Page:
1/29/2008 12:47:00 PM
Author confronts slave trade heritage
By Jim Cornelius
News Editor

Tom DeWolf loves history, and he loves his country. He thrilled to walking around Washington, D.C., imagining that he might be treading in the footsteps of Thomas Jefferson. Pondering the greatness of the men who founded America filled him with pride.

But DeWolf was destined to take a walk through the darker corners of American history.

Tom DeWolf is a distant descendent of James DeWolf, a U.S. Senator from Rhode Island, who died the second-richest man in America in 1837. He made his fortune in the slave trade.

DeWolf, along with eight relatives, participated in a journey launched by his cousin Katrina Browne to trace the heritage of the slave trade, a journey that was to become a film documentary titled "Traces of the Trade: A Story from the Deep North."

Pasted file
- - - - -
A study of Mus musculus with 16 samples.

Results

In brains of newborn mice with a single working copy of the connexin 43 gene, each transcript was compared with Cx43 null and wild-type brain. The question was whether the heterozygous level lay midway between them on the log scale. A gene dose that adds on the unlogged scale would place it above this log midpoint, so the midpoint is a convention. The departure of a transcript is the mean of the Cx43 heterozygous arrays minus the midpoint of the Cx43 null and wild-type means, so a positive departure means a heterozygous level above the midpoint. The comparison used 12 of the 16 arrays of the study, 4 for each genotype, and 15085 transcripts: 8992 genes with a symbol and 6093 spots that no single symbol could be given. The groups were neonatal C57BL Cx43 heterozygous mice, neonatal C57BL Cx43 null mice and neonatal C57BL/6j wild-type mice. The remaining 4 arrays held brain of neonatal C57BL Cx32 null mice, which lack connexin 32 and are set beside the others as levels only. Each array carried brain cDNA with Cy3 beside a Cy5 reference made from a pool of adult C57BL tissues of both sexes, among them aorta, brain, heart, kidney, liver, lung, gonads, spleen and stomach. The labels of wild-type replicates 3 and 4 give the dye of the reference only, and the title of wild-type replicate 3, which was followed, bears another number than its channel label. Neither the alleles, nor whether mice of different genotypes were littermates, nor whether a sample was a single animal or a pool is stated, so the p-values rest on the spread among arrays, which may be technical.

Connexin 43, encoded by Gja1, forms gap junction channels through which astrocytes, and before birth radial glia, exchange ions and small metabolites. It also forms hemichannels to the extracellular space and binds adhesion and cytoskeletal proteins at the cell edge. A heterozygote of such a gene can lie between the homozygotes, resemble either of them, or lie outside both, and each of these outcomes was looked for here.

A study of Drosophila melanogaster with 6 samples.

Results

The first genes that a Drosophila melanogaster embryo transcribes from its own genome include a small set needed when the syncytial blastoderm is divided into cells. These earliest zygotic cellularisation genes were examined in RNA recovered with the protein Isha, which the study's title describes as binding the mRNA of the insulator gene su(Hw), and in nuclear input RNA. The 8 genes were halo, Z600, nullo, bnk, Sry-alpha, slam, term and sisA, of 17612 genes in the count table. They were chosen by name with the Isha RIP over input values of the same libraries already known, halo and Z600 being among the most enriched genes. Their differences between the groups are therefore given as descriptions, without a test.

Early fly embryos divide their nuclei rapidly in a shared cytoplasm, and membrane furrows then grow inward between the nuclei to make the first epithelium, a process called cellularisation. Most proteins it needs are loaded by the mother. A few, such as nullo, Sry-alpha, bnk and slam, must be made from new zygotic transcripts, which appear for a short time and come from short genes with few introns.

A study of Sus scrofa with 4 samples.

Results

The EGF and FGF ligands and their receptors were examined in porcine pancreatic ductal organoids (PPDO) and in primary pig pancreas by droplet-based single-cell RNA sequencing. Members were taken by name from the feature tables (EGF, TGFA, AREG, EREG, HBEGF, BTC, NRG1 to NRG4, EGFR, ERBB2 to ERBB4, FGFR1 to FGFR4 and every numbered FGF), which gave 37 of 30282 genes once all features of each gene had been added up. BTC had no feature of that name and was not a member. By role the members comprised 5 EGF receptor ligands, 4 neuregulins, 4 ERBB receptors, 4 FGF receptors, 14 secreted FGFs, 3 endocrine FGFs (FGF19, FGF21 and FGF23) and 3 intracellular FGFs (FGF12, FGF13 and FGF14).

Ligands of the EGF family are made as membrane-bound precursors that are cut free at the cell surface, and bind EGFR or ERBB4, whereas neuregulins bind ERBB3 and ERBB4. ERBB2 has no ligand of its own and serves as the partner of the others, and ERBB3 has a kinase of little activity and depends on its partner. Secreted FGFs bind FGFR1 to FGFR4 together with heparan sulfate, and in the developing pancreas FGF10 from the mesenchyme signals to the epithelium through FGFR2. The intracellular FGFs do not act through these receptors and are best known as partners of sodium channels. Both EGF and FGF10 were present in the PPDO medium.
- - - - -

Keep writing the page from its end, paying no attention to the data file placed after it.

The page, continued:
His own account of his physical, moral and emotional journey was recently published by Beacon Press. DeWolf will discuss "Inheriting the Trade," at Paulina Springs Books, in Sisters, on Tuesday, February 5, at 6 p.m.

The full weight of DeWolf's heritage hit him in a "counting room" in the African nation of Ghana, a room where human chattel were stored while James DeWolf made deals in the room above.

DeWolf realized that his picture of the founding of America was incomplete, distorted.

"These guys (slave traders) were founders of our country, too," he realized. "And the feeling was so far from pride. It was shame and horror."

DeWolf recognized that for many blacks, it is not possible to "get over" the fact of American slavery, because the wounds have not healed; they are not clean.

He concluded that America still owes a debt to the descendants of slaves, which could include some for of reparations for those "stuck at the bottom."

"For me it's not an issue of historical guilt," DeWolf said. "It's an issue of current responsibility. It's not about repairing material circumstances; it's about healing relationships."

DeWolf's stop in Sisters is part of a national book tour, a continuing journey toward healing the uncleaned wounds of the American soul.